December 29, 2014
CAROL GLATZ
CATHOLIC NEWS SERVICE

VATICAN CITY – Pope Francis expressed his joy over the historic turning point in U.S.-Cuba relations as the two countries agreed to restore diplomatic ties after half a century.

"Today we are happy because we have seen how two peoples who were distanced for so many years took a step toward each other yesterday," he told a group of new ambassadors.

The pope credited the breakthrough to the consistent, constant efforts of the nations' ambassadors and the "noble" task of diplomacy.

The pope's comments came Dec. 18 in a speech to 13 new ambassadors to the Vatican who were presenting their letters of credential to the pope.

The pope told them the work of an ambassador is carried out with "tiny steps, tiny things" even "really tiny" efforts.

But all of those efforts "always end in creating peace, bringing people's hearts closer together, sowing fraternity among peoples," he said.

Cardinal Pietro Parolin, Vatican secretary of state, said the pope's "culture of encounter" was a decisive tipping point for restored relations.

The pope's call for "encounter" means that "when there are problems, then one must apply the method of dialogue, and the more problems there are, the more difficulties there are, the more there must be dialogue," he said in an interview with Vatican Radio Dec. 18.

SMALL STEPS

The cardinal said this landmark move has come after many years of the hard work, patience and "small steps" of many people, including the popes, starting with St. John XXIII.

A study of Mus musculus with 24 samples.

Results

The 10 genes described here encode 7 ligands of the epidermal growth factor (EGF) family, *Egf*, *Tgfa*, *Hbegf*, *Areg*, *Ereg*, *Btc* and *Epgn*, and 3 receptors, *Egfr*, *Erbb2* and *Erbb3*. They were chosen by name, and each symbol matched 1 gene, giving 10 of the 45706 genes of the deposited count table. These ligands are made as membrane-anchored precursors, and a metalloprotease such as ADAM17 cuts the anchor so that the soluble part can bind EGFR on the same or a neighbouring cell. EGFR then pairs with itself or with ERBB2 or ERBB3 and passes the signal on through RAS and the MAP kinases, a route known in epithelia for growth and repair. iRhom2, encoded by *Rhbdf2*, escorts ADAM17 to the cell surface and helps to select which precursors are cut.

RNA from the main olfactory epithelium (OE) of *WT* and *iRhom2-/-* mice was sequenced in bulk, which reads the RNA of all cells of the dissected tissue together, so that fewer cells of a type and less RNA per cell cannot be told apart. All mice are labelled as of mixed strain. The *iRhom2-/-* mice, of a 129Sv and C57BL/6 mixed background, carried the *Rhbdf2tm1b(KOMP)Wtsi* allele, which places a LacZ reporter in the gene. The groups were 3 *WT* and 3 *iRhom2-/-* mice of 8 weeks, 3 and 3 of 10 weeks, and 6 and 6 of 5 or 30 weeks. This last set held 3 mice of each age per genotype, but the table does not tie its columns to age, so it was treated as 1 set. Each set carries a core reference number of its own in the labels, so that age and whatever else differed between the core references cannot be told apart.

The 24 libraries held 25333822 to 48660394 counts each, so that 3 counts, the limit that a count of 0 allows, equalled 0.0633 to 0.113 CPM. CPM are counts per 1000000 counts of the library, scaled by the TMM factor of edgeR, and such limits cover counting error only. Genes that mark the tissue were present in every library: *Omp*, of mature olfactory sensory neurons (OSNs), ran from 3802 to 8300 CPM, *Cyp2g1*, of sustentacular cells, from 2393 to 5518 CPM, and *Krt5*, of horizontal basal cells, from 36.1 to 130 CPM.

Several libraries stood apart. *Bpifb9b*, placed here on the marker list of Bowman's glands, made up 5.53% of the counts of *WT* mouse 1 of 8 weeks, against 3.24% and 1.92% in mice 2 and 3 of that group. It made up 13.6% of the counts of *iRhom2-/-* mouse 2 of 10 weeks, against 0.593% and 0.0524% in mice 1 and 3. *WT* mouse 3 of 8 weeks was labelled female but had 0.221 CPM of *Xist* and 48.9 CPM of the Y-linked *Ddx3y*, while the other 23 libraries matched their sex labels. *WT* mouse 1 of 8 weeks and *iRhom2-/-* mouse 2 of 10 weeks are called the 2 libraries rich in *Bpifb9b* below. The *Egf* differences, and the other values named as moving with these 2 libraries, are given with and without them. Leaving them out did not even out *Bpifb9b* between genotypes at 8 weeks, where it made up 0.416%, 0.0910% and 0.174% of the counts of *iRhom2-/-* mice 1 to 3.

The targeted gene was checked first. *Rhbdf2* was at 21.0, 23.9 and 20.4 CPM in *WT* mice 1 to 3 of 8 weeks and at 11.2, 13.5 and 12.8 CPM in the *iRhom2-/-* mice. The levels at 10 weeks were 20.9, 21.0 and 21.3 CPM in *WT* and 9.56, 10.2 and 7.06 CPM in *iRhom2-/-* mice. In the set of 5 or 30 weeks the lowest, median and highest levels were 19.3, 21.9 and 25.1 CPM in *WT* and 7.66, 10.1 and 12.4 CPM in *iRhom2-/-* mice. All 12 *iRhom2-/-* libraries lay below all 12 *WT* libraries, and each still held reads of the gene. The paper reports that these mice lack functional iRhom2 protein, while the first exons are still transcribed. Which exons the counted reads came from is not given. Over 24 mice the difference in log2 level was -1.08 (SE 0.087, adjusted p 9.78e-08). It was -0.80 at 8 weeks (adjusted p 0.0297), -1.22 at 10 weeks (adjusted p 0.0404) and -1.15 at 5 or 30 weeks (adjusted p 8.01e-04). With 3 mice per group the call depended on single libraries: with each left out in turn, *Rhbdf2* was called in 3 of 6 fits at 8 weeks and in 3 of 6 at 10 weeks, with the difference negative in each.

However, he said, Pope Francis, as the first pope from Latin America, "was decisive because he was the one who took the initiative to write to the two presidents to invite them to overcome the difficulties existing between the two countries and to find a point of agreement, a point of encounter."

Parolin said he believed the breakthrough between the U.S. and Cuba will serve as an inspiration and model for the rest of Latin America and the world when it comes to solving its problems.

"It's a kind of model," he said, showing how "two nations that had many problems, many difficulties in their relations were able to, thanks to the good will and courage on behalf of their leaders, too," find a positive resolution.

"Perhaps it will inspire other leaders to also have the courage to look for the path of dialogue and encounter," he said.

Meanwhile, the Cuban bishops' conference expressed "special gratitude" to the pope for his role as a "major player in a desire that has now become reality" and to God for the "new horizons of hope" shining before the Cuban people.